Independence by Shelly Crane

Independence (Significance #4)

Shelly Crane

Rate: 4.8

If you don’t understand why I love this book/series, then you either: A. haven’t read the books; B. haven’t read my other reviews for this series; or C. both. In Independence, Caleb and Maggie continue to be the perfect couple while facing a shit-ton of problems and they continue to strike the right balance between being dependent and being independent while facing these problems. Since my love for this book should be a bit evident, I’m just going to touch on the two things that caused me to downrate this book 0.2 stars.

Maggie’s relationship with Becky: Ever since Maggie became Caleb’s significant, her relationship with Becky has been put on the back burner.  We’ve seen Becky a few times throughout the series, but each time Maggie focuses on keeping her power is a secret from Becky instead of being a friend to her. This has taken a toll on their relationship which is most evident in Independence. What bothered me most was that at the end of the book, Maggie and Becky try to reconcile their relationship after Becky said some hurtful things earlier on, but Becky never gets around to actually apologizing. Becky just assumes that Maggie will understand what she’s trying to say and forgive her anyway. I don’t understand how Maggie could forgive Becky without hearing the words “I’m sorry.” Maybe I’m just being petty, but I couldn’t forgive someone who couldn’t bring themselves to say I’m sorry.  The whole scene just seemed too easy. I’m not saying that Maggie should have given up her friendship with Becky, but she could have at least forced Becky, or implored her, to say sorry and fully understand what she said was wrong. How can a friendship last if each person isn’t willing to own up to his/her mistakes?

The outcome for other clans: In Accordance, Maggie has a vision that tells her why the imprints have stopped and what the clans have to do to bring them back. She is supposed to reveal her findings at the reunification, but she never gets around to it. The whole time Maggie focuses on her war with the Watson’s and trying to change the traditions of the Virtuoso. In the end, everyone lives happily ever after but I don’t see how that’s possible. Sure Maggie gets rid of the rotten apples (the Watson’s), but she doesn’t fix any of the other bad clans or clan members. Crane makes it seem that the imprints stopped only because of the Watson’s, but that’s not how the vision made it seem. I would have preferred a little more insight on how the other clans fixed themselves before the imprints started coming back. Again things just seemed too easy.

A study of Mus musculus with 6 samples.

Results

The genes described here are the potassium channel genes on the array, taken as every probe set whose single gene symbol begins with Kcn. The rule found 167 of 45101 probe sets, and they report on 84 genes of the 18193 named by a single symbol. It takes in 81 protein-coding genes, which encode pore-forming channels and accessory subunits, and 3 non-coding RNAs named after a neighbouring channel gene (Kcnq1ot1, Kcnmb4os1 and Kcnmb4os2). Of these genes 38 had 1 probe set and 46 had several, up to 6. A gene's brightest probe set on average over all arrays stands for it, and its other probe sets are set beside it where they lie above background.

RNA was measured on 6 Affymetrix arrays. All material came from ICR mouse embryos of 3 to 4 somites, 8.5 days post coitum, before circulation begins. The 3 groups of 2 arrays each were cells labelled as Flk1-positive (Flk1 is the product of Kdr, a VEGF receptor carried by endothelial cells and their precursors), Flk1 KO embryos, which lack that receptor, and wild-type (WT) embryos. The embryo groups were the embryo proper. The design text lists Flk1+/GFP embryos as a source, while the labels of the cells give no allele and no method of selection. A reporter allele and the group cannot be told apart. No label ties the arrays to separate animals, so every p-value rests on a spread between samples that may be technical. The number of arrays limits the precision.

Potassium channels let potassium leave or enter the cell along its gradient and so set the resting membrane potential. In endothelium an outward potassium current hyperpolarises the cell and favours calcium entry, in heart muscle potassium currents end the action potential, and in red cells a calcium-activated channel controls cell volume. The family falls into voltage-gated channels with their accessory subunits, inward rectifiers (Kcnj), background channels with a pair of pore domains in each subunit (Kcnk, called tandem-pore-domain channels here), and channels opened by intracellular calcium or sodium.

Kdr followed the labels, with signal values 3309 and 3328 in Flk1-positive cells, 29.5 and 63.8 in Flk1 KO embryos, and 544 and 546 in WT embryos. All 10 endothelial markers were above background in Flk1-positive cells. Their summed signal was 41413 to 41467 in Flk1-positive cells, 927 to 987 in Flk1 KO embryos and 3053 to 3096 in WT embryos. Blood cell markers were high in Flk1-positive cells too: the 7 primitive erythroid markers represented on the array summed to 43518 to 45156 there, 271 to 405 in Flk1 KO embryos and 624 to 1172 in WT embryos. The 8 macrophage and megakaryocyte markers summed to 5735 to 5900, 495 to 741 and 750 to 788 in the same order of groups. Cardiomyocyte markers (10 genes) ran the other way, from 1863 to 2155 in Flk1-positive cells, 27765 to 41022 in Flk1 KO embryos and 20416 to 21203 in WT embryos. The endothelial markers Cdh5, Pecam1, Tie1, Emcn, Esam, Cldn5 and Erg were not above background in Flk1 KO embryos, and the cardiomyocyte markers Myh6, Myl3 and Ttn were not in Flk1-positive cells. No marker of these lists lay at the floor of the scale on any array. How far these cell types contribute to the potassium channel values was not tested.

Overall, Independence was just as great as the other books. This series is definitely worth the read.

Side Note: So I started reading Independence as soon as I finished reading Defiance. There were a few seconds when I contemplated reading Reverence first, but I needed to know what happened next immediately so I decided to read Reverence afterward. Best decision ever. I finished Independence in a matter of hours (I even stood up late!) and read Reverence the next morning. My review for Reverence will be up a bit after this one.